Primary and secondary growth differ in the parts of the plant involved and the way in which those parts grow. All plants grow primarily. Plants need primary growth to increase in length, growing upward from the ground and extending their roots further into the soil. Only certain types of plants grow secondarily. Such growth usually occurs in woody plants, such as trees and shrubs, and allows the plant to thicken its stems and branches.
Primary plant growth allows the plant to increase its length. Growth takes place at the meristems, the ends of the plant at which embryonic cell division takes place well into plant maturity. The shoot apical meristems exist at the end of plant shoots while the root apical meristems exist at the end of plant roots.
Secondary plant growth allows a plant to increase its girth through lateral meristems. Plants exhibiting secondary growth contain a vascular cambium. The vascular cambium produces xylem cells toward the stem to help transport water to the leaves and phloem cells at the opposing side to help transport sugars down through the plant. Upon maturity, a second lateral meristem site, called the cork cambium, develops. The cork cambium produces plant bark.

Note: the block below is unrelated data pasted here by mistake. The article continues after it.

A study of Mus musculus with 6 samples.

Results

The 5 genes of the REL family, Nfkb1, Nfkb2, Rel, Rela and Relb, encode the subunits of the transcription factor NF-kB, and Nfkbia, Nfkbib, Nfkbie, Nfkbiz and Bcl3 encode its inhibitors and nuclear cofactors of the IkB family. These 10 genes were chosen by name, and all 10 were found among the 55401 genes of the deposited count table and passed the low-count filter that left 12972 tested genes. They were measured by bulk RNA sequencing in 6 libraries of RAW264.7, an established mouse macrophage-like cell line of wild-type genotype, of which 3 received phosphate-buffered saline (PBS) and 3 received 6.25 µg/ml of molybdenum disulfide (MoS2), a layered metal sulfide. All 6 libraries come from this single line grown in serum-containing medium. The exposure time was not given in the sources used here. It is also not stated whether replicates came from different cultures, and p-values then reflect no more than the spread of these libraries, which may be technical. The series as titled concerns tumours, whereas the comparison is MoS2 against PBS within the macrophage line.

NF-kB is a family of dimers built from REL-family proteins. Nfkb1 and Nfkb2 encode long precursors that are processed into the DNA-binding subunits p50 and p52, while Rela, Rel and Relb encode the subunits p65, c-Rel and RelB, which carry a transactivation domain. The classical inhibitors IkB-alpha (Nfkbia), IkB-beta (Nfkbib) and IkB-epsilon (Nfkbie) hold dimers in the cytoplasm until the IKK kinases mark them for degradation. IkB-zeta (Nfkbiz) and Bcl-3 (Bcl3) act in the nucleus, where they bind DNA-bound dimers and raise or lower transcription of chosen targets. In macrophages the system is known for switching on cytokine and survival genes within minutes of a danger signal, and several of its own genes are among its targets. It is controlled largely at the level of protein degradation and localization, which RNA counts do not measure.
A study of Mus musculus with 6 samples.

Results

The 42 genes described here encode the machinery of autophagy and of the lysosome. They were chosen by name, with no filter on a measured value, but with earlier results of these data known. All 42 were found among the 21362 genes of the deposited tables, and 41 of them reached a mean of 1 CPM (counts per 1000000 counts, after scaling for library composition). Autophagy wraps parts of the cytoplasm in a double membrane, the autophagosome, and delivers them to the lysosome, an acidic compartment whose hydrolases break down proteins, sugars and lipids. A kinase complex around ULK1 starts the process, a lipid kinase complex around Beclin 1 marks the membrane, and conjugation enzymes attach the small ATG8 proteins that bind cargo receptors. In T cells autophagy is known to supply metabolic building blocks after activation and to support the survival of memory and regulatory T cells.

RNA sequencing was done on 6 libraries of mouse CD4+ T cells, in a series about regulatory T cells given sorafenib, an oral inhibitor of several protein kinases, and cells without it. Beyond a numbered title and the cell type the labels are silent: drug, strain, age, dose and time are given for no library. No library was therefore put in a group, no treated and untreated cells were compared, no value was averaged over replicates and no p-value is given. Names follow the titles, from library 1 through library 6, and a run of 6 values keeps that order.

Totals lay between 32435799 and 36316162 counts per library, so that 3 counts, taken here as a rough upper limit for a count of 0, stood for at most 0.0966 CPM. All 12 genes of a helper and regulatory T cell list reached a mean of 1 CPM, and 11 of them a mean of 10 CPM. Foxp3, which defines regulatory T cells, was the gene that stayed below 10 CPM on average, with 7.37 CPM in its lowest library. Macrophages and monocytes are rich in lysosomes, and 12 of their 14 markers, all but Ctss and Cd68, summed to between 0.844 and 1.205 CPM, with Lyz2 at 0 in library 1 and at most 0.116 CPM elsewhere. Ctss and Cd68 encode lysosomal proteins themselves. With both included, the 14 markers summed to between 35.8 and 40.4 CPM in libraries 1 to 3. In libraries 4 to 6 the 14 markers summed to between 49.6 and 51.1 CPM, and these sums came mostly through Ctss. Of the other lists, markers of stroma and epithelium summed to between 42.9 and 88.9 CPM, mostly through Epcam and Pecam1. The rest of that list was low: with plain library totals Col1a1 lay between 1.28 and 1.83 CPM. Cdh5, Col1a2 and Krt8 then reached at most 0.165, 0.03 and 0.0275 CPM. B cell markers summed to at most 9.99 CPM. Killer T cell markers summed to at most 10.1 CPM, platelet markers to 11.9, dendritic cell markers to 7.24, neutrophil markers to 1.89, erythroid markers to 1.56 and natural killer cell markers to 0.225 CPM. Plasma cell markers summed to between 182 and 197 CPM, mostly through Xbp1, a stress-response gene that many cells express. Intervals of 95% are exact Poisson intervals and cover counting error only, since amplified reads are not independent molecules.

Gymnosperms and dicots produce primary and secondary cell growth. Monocots and dicots both belong to the same category of angiosperms, or fruiting plants. However, dicots exhibit secondary growth at a much higher rate that monocots. "Dicot" is the shortened version of "dicotyledon," so named because it has two cotyledons, or seed leaves. Gymnosperms do not develop fruits, but instead distribute their seeds uncovered—as cones, for example.
Except in a few special cases, monocots exhibit solely primary growth. "Monocot" is the shortened version of "monocotyledon," so named because its cotyledon, or seed leaf, develops as one single item. Because of their lack of secondary growth, monocot plants never produce woody cell growth.
Those monocots that do exhibit secondary growth often do so in a manner anomalous to typical secondary growth using a vascular cambium. Rather than use a vascular cambium to achieve stem girth, plants such as palms will produce large, thickened cells around the base of their stem to provide enhanced support.